UK Wage Growth Slows but Real Earnings Rise at Fastest Pace in 2.5 Years

UK wage growth slows but real pay rises at fastest pace in 2.5 years, as unemployment jumps, signaling a loosening labor market that could delay Bank of England rate cuts.


UK Wage Growth Slows but Real Earnings Rise at Fastest Pace in 2.5 Years

The latest data from the Office for National Statistics (ONS) reveals that regular pay growth in the UK slowed to 6% in the three months to the end of February, down from 6.1% in the previous period but still higher than the expected 5.8% rate. Total pay, including bonuses, remained unchanged at 5.6%. The level of private sector earnings growth, closely watched by the Bank of England, fell to 6%, the lowest figure since June 2022.

Despite the nominal slowdown in wage growth, workers received their highest pay increase in real terms (after accounting for inflation) for two and a half years, rising by an average of 2.1% over the previous year. The Bank of England is monitoring wage growth as it is concerned that high levels could fuel persistent inflation, particularly in the labor-intensive services sector.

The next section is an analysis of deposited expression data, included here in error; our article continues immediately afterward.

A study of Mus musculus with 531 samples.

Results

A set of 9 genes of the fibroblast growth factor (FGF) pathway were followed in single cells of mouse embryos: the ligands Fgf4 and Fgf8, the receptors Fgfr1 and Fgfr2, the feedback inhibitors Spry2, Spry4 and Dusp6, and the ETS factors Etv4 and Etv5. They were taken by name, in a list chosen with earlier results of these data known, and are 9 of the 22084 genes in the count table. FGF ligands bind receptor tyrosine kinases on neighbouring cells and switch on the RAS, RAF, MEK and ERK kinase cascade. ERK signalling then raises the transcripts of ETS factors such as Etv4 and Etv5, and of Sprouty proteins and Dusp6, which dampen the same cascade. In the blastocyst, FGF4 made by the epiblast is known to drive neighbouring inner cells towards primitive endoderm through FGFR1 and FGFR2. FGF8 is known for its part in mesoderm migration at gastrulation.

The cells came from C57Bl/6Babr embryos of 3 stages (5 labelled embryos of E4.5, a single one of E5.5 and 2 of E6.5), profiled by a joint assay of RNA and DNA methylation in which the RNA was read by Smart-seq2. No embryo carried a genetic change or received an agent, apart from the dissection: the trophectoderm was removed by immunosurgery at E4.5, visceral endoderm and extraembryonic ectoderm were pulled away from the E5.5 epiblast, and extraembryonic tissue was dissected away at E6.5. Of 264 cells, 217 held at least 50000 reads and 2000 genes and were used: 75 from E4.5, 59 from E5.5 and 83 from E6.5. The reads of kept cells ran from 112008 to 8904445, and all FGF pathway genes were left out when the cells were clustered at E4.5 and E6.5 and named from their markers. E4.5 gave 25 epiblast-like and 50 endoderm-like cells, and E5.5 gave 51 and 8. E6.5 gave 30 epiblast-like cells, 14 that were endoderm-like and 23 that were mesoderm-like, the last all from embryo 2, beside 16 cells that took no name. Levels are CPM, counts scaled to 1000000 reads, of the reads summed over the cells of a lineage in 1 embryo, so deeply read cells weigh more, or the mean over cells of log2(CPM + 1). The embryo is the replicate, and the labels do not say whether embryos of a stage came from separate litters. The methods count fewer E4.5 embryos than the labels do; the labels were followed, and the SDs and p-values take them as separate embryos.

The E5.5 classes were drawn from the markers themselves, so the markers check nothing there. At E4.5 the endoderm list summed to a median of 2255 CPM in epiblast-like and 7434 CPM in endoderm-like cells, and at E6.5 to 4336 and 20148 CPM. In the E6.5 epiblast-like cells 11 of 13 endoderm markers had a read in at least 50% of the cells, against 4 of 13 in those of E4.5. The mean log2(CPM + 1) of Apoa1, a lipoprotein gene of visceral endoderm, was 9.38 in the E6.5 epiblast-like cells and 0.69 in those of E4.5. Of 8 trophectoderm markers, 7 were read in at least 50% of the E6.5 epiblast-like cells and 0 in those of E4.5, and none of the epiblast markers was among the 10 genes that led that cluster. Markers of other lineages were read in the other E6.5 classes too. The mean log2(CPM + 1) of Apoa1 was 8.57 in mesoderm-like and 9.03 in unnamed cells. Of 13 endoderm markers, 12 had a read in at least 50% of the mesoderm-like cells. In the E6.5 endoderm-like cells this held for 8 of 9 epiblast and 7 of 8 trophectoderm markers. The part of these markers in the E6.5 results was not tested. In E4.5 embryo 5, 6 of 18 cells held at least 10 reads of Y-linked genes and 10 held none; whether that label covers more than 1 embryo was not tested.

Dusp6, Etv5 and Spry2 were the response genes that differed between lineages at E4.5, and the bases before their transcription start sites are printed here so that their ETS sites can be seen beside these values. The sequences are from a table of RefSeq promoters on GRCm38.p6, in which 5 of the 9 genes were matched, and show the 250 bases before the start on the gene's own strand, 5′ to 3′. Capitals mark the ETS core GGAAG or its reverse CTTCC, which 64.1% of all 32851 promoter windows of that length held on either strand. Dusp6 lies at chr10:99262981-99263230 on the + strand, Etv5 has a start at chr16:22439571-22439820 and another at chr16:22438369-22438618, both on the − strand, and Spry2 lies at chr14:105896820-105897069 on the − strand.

The ONS data also showed that unemployment jumped to 4.2% , higher than the previous estimate of 4%, indicating a less tight labor market. However, the ONS cautioned about volatility in the unemployment data due to falling response rates. Vacancies fell for the 21st consecutive quarter, another sign of a loosening labor market, though demand for labor still remained above pre-pandemic levels.

Why this matters: The stronger-than-expected wage growth could delay the Bank of England's plans to cut interest rates later this year. The mixed image presented by the labor market data will likely influence the Monetary Policy Committee's decision on when to start cutting rates, with the impact of the April increase in the minimum wage being a key factor to consider.

Commenting on the latest figures, an ONS spokesperson stated, "Regular pay growth slowed slightly in February, but still remains strong by historical standards. With inflation easing, this resulted in the highest real earnings growth in two and a half years." The spokesperson added that while the labor market remains tight, there are signs of it softening, with unemployment rising and vacancies falling for the 21st consecutive quarter.

Key Takeaways

  • UK regular pay growth slowed to 6% in Feb, down from 6.1%.
  • Real pay increased 2.1% YoY, highest in 2.5 years, despite slowdown.
  • Unemployment rose to 4.2%, indicating a less tight labor market.
  • Wage growth could delay BoE's plans to cut interest rates this year.
  • Labor market remains tight, but shows signs of softening with falling vacancies.